Challenges and lessons learned in teaching A graduate human factors course on A compressed schedule

Research output: Chapter in Book/Report/Conference proceedingConference contribution

Abstract

There is a current tendency for industrial engineering departments to augment their Masters Degree programs with programs targeted for off-campus students who are employed full time. These programs are motivated primarily by the revenue that they can potentially generate for academic departments. In this paper we discuss one such program in which each course is compressed into three consecutive weekends, and discuss the challenges of teaching these students a course on human factors engineering under these curriculum design constraints. Examples of lessons learned in teaching this course are summarized and possible interventions in course design are discussed, with the understanding that teaching such a course affords the opportunity for achieving buy-in to the human factors and ergonomics discipline within these students' respective organizations.

Original languageEnglish (US)
Title of host publicationProceedings of the Human Factors and Ergonomics Society 50th Annual Meeting, HFES 2006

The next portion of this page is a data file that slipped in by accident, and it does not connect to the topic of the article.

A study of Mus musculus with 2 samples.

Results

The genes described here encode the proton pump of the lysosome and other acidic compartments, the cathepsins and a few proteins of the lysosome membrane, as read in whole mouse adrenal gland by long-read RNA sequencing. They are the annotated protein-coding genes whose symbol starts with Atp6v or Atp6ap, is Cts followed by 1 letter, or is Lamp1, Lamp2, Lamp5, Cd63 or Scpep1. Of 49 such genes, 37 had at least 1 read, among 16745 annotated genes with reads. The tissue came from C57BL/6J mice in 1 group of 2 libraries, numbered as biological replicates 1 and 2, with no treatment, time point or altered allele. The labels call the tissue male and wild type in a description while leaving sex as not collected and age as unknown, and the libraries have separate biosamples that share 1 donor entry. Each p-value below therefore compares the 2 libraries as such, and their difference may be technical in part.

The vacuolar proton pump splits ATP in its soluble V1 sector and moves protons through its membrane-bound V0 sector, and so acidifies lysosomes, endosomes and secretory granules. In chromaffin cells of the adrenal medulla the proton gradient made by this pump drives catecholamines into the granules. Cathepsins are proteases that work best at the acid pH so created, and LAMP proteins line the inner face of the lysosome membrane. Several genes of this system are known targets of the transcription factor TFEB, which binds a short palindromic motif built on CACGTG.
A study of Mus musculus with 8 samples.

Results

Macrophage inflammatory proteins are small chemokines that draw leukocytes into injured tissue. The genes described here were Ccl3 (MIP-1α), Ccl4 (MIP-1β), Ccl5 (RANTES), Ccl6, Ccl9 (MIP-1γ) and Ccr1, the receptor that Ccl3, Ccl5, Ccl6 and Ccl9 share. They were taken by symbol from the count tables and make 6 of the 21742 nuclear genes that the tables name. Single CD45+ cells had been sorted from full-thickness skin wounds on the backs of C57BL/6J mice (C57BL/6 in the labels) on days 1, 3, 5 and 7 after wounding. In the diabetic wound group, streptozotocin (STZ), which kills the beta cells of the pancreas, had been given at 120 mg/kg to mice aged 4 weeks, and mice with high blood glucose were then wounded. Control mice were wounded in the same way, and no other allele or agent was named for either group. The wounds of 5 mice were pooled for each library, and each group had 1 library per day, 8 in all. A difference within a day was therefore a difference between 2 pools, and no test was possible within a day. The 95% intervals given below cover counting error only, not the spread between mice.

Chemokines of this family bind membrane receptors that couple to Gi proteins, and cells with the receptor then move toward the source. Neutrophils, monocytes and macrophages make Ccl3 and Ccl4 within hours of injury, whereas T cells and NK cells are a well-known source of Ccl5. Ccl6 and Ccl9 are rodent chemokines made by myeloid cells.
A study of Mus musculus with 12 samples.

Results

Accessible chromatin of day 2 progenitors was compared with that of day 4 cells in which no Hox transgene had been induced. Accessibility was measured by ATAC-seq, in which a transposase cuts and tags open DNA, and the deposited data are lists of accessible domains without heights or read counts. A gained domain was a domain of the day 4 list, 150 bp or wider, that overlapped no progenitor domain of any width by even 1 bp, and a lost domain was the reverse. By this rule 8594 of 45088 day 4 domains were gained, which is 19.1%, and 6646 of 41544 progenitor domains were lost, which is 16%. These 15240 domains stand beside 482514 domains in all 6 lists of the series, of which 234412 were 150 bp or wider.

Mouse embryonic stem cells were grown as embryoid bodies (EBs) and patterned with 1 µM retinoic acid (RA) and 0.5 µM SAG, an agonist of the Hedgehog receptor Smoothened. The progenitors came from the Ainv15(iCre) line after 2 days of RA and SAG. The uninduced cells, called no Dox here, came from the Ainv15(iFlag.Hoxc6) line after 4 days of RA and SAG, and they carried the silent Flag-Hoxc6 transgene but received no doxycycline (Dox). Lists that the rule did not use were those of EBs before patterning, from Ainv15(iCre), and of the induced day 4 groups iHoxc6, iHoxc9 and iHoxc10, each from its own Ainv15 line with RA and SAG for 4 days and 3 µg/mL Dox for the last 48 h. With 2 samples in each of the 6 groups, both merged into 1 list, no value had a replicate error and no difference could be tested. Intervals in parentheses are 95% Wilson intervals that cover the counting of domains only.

Pages774-778
Number of pages5
StatePublished - Dec 1 2006
Event50th Annual Meeting of the Human Factors and Ergonomics Society, HFES 2006 - San Francisco, CA, United States
Duration: Oct 16 2006Oct 20 2006

Publication series

NameProceedings of the Human Factors and Ergonomics Society
ISSN (Print)1071-1813

Other

Other50th Annual Meeting of the Human Factors and Ergonomics Society, HFES 2006
CountryUnited States
CitySan Francisco, CA
Period10/16/0610/20/06

ASJC Scopus subject areas

  • Human Factors and Ergonomics


    Sharit, J. (2006). Challenges and lessons learned in teaching A graduate human factors course on A compressed schedule. In Proceedings of the Human Factors and Ergonomics Society 50th Annual Meeting, HFES 2006 (pp. 774-778). (Proceedings of the Human Factors and Ergonomics Society).